NASA has released the first two videos of Spacecraft Fire Experiment or Staffire, in short. The experiment is intended to learn how fire spreads in microgravity conditions in space.
NASA has released the first two videos of a large fire that was ignited inside a space cargo ship recently. The purpose of the experiment was to learn how fire behaves in space. Getting insight into how fire spreads in microgravity conditions is necessary for the safety and protection of the astronauts working on the International Space Station and other missions in space. This will ultimately help astronauts to tackle any such unfortunate event in a better way in the future.
The second video shows the main experiment when the material is burnt and orange flames can be seen stretching out of it. The entire burning lasted for approximately eight minutes.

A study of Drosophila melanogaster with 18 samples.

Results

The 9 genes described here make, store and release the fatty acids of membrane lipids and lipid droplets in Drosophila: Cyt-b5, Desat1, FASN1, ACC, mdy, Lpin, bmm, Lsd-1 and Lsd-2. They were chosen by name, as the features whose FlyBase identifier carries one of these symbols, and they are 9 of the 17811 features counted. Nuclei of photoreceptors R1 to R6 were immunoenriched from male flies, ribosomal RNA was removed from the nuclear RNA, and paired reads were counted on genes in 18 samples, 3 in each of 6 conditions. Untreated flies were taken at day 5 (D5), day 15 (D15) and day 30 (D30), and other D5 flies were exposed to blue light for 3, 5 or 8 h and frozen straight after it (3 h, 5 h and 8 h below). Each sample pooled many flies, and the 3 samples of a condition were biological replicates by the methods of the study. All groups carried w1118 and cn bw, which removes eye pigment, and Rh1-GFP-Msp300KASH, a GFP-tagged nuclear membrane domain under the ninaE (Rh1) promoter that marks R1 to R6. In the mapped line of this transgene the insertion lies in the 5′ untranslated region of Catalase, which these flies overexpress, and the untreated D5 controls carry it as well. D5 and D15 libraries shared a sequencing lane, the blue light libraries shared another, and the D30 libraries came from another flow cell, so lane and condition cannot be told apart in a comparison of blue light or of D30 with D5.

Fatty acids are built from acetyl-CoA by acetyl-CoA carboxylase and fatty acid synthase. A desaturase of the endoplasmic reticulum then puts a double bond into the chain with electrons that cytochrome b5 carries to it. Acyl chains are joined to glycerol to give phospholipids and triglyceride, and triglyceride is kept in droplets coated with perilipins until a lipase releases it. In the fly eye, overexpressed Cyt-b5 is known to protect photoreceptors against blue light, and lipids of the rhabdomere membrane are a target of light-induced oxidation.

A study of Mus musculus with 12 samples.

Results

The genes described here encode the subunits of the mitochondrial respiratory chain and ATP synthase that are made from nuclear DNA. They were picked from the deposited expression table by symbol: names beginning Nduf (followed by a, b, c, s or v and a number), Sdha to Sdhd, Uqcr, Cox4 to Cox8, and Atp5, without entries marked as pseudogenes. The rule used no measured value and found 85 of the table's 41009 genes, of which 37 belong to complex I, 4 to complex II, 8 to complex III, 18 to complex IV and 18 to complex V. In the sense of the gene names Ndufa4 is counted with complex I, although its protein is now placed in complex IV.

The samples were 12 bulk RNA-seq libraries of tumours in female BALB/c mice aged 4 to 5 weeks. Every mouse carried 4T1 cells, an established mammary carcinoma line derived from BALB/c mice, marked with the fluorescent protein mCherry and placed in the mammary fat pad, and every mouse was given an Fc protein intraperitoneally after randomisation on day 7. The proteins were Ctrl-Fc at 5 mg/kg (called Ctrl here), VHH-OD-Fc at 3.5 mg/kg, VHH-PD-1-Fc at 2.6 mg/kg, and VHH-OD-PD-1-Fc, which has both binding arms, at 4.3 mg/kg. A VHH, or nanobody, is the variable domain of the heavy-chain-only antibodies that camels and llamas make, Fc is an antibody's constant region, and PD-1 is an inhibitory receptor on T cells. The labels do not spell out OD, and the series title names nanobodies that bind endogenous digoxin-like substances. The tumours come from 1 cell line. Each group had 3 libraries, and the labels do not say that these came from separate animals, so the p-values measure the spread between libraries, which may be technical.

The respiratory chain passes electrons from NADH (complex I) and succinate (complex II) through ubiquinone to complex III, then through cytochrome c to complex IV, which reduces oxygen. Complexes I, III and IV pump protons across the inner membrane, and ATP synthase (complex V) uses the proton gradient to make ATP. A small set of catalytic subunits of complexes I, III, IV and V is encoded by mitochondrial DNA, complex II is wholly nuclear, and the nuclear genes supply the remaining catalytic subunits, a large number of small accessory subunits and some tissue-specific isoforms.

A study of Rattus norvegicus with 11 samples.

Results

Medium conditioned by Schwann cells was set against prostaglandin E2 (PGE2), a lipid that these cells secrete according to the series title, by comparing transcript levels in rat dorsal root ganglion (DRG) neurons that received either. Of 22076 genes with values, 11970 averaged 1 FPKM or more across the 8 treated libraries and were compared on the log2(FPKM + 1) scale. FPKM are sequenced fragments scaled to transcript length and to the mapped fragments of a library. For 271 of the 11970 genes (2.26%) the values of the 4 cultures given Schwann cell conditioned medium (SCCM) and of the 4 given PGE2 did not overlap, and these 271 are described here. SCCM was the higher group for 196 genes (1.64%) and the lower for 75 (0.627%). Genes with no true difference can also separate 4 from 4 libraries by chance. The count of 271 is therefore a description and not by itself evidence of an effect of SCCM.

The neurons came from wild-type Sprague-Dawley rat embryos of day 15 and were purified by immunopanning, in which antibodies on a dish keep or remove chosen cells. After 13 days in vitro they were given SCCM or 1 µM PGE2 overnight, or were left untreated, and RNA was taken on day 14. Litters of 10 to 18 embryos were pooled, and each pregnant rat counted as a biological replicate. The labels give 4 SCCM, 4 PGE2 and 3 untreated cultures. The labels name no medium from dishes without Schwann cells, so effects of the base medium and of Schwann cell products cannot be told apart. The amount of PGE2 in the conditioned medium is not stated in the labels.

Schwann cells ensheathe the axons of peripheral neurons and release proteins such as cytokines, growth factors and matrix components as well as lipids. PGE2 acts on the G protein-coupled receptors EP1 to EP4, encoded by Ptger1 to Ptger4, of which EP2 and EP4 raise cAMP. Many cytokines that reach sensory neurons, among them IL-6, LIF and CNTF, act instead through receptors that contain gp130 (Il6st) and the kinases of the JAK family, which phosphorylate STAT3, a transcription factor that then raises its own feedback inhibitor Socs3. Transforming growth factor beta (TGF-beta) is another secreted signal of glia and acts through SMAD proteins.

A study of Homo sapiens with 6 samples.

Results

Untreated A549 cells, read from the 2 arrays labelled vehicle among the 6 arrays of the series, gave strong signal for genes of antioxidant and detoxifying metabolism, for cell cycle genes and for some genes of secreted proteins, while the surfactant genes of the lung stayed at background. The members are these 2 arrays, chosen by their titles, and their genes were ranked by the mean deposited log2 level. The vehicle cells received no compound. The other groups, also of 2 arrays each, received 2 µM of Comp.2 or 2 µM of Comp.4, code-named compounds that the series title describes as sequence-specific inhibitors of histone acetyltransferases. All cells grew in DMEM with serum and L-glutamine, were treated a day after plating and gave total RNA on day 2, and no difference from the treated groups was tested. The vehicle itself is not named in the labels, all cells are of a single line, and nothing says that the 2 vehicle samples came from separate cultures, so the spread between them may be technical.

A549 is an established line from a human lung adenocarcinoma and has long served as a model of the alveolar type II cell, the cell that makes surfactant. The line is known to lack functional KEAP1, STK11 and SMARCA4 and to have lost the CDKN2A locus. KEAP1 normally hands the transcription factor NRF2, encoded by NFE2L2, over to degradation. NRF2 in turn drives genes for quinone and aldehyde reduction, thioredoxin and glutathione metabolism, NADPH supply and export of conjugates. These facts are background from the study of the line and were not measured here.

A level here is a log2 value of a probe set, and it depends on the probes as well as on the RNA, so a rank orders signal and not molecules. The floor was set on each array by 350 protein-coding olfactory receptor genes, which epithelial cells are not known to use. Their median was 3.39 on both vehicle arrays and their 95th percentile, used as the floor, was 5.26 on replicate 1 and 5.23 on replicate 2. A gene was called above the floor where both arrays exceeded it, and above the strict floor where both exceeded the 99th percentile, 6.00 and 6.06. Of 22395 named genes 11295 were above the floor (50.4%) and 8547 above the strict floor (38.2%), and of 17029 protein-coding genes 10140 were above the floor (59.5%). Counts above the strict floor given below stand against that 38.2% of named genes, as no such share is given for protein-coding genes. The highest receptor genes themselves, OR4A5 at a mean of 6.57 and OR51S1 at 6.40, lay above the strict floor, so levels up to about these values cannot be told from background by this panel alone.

This is the first of the three experiments collectively named Saffire which will be conducted over the course of three flights of Orbital ATK’s Cygnus cargo capsule. These experiments will be remotely operated inside a module, which is split into two compartments. One contains cotton and fiberglass material which is the sample to be burned while the other carries sensors and high-definition video cameras to record the whole process.
Previous to the experiment, the largest fire experiment that had been conducted in space was no bigger than the index card. Since the experiment was conduced away from the ISS, it posed no hazards for astronauts in space.
“The success of this experiment opens the door to future large combustion experiments in the microgravity environment and directly supports the development of technologies and materials that will make deep space exploration spacecraft safer.” Gary A. Ruff, NASA’s Spacecraft Fire Safety Demonstration Project manager said.